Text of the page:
MIDDLESEX COUNTY – Middlesex County Freeholder Director Christopher D. Rafano said Middlesex County government and the 25 municipalities have taken and will continue to take the necessary steps to ensure residents’ needs are met in the aftermath of Hurricane Irene, which struck last weekend.
Rafano also said Middlesex County has sought and fully anticipates a federal disaster declaration in the coming days, which will ensure that Middlesex County will receive federal disaster aid.
Preliminary numbers indicate that the county has far exceeded its $2.7 million threshold for disaster aid, Rafano said. Currently, more than $45 million in damage has been tallied. “We anticipate damage totals will reach over $100 million once all damage is reported,” he said.
Federal and state teams are in Middlesex County today to assess damage.
Once a disaster declaration is made, the county, municipalities, and individuals and businesses who sustained losses can begin applying for assistance. More information will be forthcoming.
Hurricane Irene dumped 10 inches of rain over an 18-hour period in Middlesex County starting Saturday, Aug. 27. Wind gusts of up to 60 miles an hour downed trees and power lines.
Almost half of the county population – nearly 400,000 residents — were without power for some time during and after the storm. About 1,500 customers were still without power as of this morning.
“Recovery efforts are well underway, roads have been opened and clean up has begun, but Hurricane Irene’s impact will be felt in the coming days, weeks and possibly months as recovery continues,” Rafano said.
Rafano said the county and its 25 municipalities have taken and will continue to take the necessary steps to ensure that residents’ needs are met.
First, he said, the county declared a State of Emergency at 11 p.m. on Aug. 27 and immediately implemented its Continuity of Operations/Continuance of Government plan to operate continuously throughout the storm.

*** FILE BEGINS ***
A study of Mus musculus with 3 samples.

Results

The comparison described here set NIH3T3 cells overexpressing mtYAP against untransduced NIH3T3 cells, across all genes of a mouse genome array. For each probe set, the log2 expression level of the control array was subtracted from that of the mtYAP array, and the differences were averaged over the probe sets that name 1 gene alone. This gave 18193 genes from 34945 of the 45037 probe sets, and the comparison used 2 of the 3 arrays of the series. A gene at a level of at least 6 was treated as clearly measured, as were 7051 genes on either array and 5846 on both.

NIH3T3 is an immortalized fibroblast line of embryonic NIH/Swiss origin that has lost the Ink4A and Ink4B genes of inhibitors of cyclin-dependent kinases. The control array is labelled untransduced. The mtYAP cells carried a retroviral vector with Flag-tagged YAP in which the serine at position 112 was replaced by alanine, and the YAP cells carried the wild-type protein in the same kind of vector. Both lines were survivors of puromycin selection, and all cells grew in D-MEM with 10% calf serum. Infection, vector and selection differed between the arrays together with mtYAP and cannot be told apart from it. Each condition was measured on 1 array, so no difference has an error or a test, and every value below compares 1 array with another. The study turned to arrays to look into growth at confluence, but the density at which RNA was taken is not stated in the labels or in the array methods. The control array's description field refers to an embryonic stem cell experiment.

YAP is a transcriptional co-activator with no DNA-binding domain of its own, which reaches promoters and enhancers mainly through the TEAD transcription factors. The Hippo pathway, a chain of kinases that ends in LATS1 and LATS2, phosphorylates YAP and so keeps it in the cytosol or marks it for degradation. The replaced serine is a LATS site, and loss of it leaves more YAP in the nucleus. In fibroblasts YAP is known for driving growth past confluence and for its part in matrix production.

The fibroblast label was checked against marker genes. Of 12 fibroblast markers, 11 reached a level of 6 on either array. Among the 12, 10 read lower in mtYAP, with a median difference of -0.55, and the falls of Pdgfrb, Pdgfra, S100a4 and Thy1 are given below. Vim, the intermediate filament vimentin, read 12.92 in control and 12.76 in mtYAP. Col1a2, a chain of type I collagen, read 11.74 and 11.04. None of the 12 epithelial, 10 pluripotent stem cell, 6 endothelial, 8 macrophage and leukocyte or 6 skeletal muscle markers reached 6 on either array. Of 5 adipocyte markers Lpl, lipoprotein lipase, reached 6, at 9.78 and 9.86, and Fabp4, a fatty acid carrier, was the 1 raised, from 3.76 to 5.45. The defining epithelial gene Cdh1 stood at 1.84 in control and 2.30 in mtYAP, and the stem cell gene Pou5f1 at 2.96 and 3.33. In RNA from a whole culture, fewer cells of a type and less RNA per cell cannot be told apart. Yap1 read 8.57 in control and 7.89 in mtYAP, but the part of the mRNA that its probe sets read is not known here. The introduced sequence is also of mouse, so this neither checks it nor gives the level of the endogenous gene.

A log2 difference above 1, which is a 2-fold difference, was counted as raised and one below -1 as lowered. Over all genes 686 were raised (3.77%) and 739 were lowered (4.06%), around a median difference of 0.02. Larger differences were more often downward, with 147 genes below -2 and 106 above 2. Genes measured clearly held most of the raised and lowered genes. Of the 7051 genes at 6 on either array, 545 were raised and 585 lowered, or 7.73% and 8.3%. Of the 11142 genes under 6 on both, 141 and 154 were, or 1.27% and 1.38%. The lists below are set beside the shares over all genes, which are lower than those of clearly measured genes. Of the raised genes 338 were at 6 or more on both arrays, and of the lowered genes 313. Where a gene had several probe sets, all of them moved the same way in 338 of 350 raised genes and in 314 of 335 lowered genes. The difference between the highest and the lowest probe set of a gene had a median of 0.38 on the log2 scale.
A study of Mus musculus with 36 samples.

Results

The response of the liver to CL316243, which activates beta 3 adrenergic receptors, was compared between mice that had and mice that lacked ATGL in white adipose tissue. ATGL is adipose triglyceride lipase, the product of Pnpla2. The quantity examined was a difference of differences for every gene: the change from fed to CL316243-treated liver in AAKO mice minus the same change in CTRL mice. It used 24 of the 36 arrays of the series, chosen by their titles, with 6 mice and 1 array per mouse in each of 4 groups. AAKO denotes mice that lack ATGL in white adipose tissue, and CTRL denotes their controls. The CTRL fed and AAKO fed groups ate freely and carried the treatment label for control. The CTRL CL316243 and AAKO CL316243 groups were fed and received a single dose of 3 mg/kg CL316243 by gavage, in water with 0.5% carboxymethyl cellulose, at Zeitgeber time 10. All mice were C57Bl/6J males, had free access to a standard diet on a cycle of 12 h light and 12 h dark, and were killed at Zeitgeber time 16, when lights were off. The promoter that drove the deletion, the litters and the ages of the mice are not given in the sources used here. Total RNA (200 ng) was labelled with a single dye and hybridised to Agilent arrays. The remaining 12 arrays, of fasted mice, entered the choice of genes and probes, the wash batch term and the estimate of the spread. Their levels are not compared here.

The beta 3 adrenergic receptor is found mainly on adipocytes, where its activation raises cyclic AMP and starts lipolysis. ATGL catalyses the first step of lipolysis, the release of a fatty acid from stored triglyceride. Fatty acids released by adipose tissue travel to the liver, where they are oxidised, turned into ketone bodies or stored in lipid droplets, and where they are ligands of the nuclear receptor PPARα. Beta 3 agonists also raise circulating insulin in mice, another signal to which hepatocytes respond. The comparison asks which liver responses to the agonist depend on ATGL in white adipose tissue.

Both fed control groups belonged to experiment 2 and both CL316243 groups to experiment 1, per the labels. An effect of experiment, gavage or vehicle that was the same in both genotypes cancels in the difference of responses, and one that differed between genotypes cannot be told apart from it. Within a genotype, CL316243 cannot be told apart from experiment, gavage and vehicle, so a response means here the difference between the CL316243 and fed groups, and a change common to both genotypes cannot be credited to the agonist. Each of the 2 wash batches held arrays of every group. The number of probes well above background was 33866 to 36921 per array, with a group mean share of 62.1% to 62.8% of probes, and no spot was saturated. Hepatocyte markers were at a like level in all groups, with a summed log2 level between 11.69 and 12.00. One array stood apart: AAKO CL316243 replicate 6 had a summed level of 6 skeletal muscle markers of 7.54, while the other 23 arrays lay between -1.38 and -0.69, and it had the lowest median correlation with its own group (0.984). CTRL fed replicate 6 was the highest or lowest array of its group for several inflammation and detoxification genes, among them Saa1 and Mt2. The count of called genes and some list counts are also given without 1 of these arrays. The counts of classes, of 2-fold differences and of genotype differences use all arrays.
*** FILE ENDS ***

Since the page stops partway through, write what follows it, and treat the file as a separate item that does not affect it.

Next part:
The County Office of Emergency Management became the command post that drove all response efforts throughout the county. This team addressed the county’s needs and coordinated all emergency response between the county, the municipalities, the state and federal agencies.
The Office of Emergency Management continues its coordinator role as recovery efforts unfold and damage is assessed.
In addition, Rafano urged residents to remain diligent as the Atlantic hurricane season continues.
“Currently, Hurricane Katia, a category 1 storm, with a wind speed of 75 mph, is travelling over the Leeward Islands and is expected to become a major hurricane this weekend. It is not yet known which track Katia will follow, but I encourage everyone to be prepared,” he said.
Rafano also recognized those who took part in the county’s response and recovery efforts: “First, I want to thank the entire Freeholder Board for their support and direction during and after the storm, especially Freeholder Deputy Director Ronald Rios, who was a critical component of our response as Chairman of the Law and Public Safety Committee. I wish to recognize John Ferguson and his team at the Middlesex County Office of Emergency Management for their immediate, effective response and continuing coordination. This team’s planning and preparedness helped ensure timely response and effective communication between all first responders. Their work truly helped save lives and property.
“I wish to thank and commend all the county offices, employees and volunteers who supported our response and recovery efforts on behalf of the people of Middlesex County,” he said. “And a special thanks goes to the local first responders who put themselves in harm’s way to help their neighbors and communities.”
Connect with NJTODAY.NET
Join NJTODAY.NET's free Email List to receive occasional updates delivered right to your email address!